How does the live virtual disk merge option work in Windows Server 2012 R2 Hyper-V?
One of the most useful features in Microsoft’s Windows Server (WS) 2012 R2 Hyper-V is the ability to create snapshots, which have been renamed checkpoints in WS 2012 R2. Snapshots allow you to roll an entire virtual machine (VM) back to an earlier point in time without having to do a traditional restoration or a backup. One big change Microsoft will be implementing in WS 2012 R2 Hyper-V is a feature called live virtual disk merge. To understand the benefit of this feature, you have to know a little bit about the way Hyper-V snapshots work.
When you create a snapshot in Hyper-V, you are not actually creating a backup copy of your data. Instead, Hyper-V is creating a differencing disk and establishing a parent-child relationship between the differencing disk and the parent virtual hard disk (VHD). When this happens, the original VHD becomes read-only, and all write operations are directed to the new differencing disk. This allows the original VHD to remain in a pristine state. If a snapshot needs to be restored, the differencing disk is simply removed, and all read/write operations are redirected to the original VHD.
Obviously, Hyper-V does not limit you to creating only a single snapshot. Within reason, snapshots can be created on an as-needed basis. Each time a new snapshot is created, a new differencing disk is also created. Each differencing disk has a hierarchical relationship to the differencing disk that was created before it.
Creating multiple snapshots gives the administrator the option of rolling the VM back to one of many different points in time. The problem is that the accumulation of snapshots can dramatically impact the read performance of the VM.
When data needs to be read, Hyper-V is smart enough to know that the most recently created differencing disk contains the most recent data. As such, it will check the most recent differencing disk first. If the requested data is not found on that differencing disk, Hyper-V will then backtrack through the hierarchy, checking one differencing disk at a time until it finds the data it needs. As such, the impact on the read performance is directly proportional to the number of differencing disks.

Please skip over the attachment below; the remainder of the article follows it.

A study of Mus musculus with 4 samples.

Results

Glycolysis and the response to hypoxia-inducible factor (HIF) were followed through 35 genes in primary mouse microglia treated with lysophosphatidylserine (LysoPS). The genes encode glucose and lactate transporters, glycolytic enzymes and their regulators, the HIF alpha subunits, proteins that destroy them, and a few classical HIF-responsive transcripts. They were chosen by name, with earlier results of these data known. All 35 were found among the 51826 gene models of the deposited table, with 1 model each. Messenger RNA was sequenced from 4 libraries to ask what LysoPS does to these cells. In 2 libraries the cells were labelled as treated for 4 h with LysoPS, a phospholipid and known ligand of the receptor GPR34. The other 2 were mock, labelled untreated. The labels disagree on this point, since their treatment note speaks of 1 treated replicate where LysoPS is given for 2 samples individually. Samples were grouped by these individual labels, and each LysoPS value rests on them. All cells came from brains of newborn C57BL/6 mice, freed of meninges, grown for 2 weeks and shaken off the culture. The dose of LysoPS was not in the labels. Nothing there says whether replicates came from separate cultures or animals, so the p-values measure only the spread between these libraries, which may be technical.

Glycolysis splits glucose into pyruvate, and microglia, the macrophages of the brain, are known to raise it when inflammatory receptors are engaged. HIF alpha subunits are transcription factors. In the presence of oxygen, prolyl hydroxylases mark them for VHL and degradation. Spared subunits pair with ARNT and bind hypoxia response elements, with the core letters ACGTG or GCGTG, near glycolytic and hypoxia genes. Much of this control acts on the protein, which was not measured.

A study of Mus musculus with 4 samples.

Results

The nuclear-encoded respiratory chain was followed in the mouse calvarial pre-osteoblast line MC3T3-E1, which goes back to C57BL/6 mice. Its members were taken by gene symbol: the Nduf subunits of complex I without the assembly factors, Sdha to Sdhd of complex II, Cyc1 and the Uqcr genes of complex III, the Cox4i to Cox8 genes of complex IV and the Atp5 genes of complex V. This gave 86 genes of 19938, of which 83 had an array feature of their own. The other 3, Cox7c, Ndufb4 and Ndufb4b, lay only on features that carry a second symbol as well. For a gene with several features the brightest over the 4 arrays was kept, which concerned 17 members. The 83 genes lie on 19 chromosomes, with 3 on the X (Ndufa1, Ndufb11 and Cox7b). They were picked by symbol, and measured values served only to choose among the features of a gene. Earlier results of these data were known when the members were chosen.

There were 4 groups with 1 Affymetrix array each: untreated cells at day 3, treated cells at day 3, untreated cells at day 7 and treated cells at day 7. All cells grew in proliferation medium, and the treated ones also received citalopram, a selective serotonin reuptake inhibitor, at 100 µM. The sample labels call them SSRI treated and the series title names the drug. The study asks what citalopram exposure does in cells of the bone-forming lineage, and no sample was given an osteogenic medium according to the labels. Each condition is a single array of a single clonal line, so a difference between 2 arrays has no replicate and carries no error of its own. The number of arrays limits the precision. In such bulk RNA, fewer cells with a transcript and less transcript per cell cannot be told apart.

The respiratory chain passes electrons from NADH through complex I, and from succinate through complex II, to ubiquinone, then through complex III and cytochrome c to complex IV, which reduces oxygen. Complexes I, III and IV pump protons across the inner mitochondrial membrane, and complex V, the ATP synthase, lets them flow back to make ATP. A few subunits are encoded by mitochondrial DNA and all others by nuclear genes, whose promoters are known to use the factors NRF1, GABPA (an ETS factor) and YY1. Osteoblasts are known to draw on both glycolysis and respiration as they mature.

The key to restoring a VM's performance is to get rid of unnecessary differencing disks. Hyper-V has always had an option that you could use to delete an unwanted snapshot. Deleting a snapshot does not actually remove it; it simply merges the snapshot data with either the parent VHD or with another differencing disk (depending upon the location of the differencing disk in the hierarchy).
However, differencing disks can only be merged when the VM is off-line. If a company wants to clean up its Hyper-V snapshots, it will have to reboot the VM to complete the process. Windows Server 2012 R2 Hyper-V addresses this problem through a new feature called live merge. As the name implies, live merge will allow differencing disks to be merged together while the VM remains online. This will give organizations with mission-critical VMs a new way to restore performance without having to take the VM offline.